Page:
At $200 used take a look at Creek.
7 responses Add your response
The current issue of Stereophile magazine has a review of several moderately priced phono stage preamps, and they've had favorable comments about a relatively new model called the Gram Amp. It's made in England and has a MSRP of $295. It ain't much to look at, and is best suited for a MM cartridge (which yours is), but for under $300 brand new it looks like a good option. I suggest you pick up the current copy of Stereophile and read the article for more info.
If you find you can stretch your budget to around $350-400, then I'd suggest you try to acquire a used Lehmann Audio Black Cube. This is an excellent buy in a used phono preamp, and it offers substantially better performance than the Gram or the Creek models.
For $200 research the "Little Rat" @:
audioasylum.com (in the Vinyl Asylum)
I use two of these ($25/each as dual monos and they sound very good. They are battery powered and the rechargable batteries (two sets to rotate) and a charger will run just under $50 @ Target.
The minor problem is that they do not seem to be available @ Radio Shack online anymore, however they can still be purchased from other sources (including Ebay).
With battery power they are extremely quiet. I can turn the volume all the way up, (with them in the line/music on mute) and they are as silent as my digital/CD line.
I am (I suspect) the first person to try them as dual mono's and it is well worth the minimal effort. A few people @ Audio Asylum were going to try them in this configuration, but I have yet to hear back from them. By running a single preamp per channel (you use one input and one output per unit instead of the stereo pair of these) the power supply (battery) is asked to do less, which is similar to beefing up the power supply (it also avoids cross talk, as in other dual mono designs, which may in this case increase stereo separation as well).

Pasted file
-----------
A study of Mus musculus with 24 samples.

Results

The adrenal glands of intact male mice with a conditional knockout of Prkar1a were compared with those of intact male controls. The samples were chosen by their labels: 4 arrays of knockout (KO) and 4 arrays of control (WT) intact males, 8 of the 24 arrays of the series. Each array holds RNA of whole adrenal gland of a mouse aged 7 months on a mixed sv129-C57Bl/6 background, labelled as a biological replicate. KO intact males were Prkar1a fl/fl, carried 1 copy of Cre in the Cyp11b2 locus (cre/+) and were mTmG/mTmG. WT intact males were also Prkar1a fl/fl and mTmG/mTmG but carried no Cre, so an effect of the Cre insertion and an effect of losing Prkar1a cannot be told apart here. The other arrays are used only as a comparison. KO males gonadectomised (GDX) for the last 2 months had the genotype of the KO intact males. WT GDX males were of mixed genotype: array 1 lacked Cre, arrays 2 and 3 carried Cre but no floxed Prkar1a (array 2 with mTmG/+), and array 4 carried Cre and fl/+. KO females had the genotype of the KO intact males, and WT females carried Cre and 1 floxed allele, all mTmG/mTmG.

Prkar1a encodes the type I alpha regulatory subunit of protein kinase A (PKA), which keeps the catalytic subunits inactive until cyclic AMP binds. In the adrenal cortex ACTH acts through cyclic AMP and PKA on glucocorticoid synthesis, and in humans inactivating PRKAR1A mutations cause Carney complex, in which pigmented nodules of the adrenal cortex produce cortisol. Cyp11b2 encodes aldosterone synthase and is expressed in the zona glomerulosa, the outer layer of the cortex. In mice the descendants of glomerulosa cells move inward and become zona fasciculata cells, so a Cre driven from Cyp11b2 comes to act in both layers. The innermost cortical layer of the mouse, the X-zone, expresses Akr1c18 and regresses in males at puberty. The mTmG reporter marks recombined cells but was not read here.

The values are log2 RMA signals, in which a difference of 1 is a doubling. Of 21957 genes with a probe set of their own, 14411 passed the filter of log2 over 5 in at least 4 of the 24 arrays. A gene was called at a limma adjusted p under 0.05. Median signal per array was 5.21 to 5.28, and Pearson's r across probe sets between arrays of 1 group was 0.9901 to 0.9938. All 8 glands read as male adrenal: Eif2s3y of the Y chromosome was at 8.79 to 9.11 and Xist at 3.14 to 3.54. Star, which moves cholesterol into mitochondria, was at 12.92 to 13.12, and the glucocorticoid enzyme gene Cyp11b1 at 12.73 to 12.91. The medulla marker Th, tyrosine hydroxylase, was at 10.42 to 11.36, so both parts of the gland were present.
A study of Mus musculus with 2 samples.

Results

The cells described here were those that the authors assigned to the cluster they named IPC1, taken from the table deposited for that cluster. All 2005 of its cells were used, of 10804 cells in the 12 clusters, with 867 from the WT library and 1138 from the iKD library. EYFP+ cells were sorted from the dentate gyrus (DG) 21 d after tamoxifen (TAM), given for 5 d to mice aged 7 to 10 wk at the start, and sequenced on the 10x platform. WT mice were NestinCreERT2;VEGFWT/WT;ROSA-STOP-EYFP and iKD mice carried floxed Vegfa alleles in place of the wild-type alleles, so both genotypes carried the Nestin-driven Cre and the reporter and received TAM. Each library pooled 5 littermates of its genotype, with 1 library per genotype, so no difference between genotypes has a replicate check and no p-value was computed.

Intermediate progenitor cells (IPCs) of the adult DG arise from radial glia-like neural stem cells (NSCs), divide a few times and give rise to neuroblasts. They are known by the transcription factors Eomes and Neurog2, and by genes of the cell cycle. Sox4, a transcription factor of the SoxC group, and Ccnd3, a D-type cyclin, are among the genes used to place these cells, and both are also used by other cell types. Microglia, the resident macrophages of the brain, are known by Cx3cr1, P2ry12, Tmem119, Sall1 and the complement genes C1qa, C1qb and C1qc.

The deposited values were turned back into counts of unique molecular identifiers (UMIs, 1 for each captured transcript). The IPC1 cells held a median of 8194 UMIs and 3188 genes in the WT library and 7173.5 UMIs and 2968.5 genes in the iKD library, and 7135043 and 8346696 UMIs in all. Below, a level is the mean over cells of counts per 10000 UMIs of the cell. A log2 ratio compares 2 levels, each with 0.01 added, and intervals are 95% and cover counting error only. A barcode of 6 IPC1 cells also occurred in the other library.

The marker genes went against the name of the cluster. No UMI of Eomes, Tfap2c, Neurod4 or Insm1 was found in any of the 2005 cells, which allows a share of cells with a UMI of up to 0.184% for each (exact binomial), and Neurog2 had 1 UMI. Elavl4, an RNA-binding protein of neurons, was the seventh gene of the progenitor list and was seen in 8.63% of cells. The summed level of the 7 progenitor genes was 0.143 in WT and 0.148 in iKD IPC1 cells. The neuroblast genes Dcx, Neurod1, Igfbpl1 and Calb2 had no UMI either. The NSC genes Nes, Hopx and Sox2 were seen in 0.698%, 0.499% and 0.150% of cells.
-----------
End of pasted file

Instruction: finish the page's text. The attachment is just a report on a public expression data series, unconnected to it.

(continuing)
Theory aside, they sound very nice in my setup (and the investment was approx. $100).
They would however only perform well (based on my experience) with high output cartridges (check my system which uses a Grado Prestige Silver). I have also used them with both SS and tube (active) preamp sections and in both cases the sound was good. As far as a passive preamp section, I "suspect" that the results would not be as favorable unless a "step up" transformer was used (the same goes with low output cartridges) but have not tried this myself.
I'll second the Parasound P/PH 100 suggestion, a real "giant killer" for the price. I had it and a Creek in the house at the same time and certainly didn't like the Creek better--if anything, the other way around. Someone knowledgeable just raved to me about a Musical Fidelity phono preamp. I didn't even know they made one, so can't say anything about it myself, but maybe you could find out more.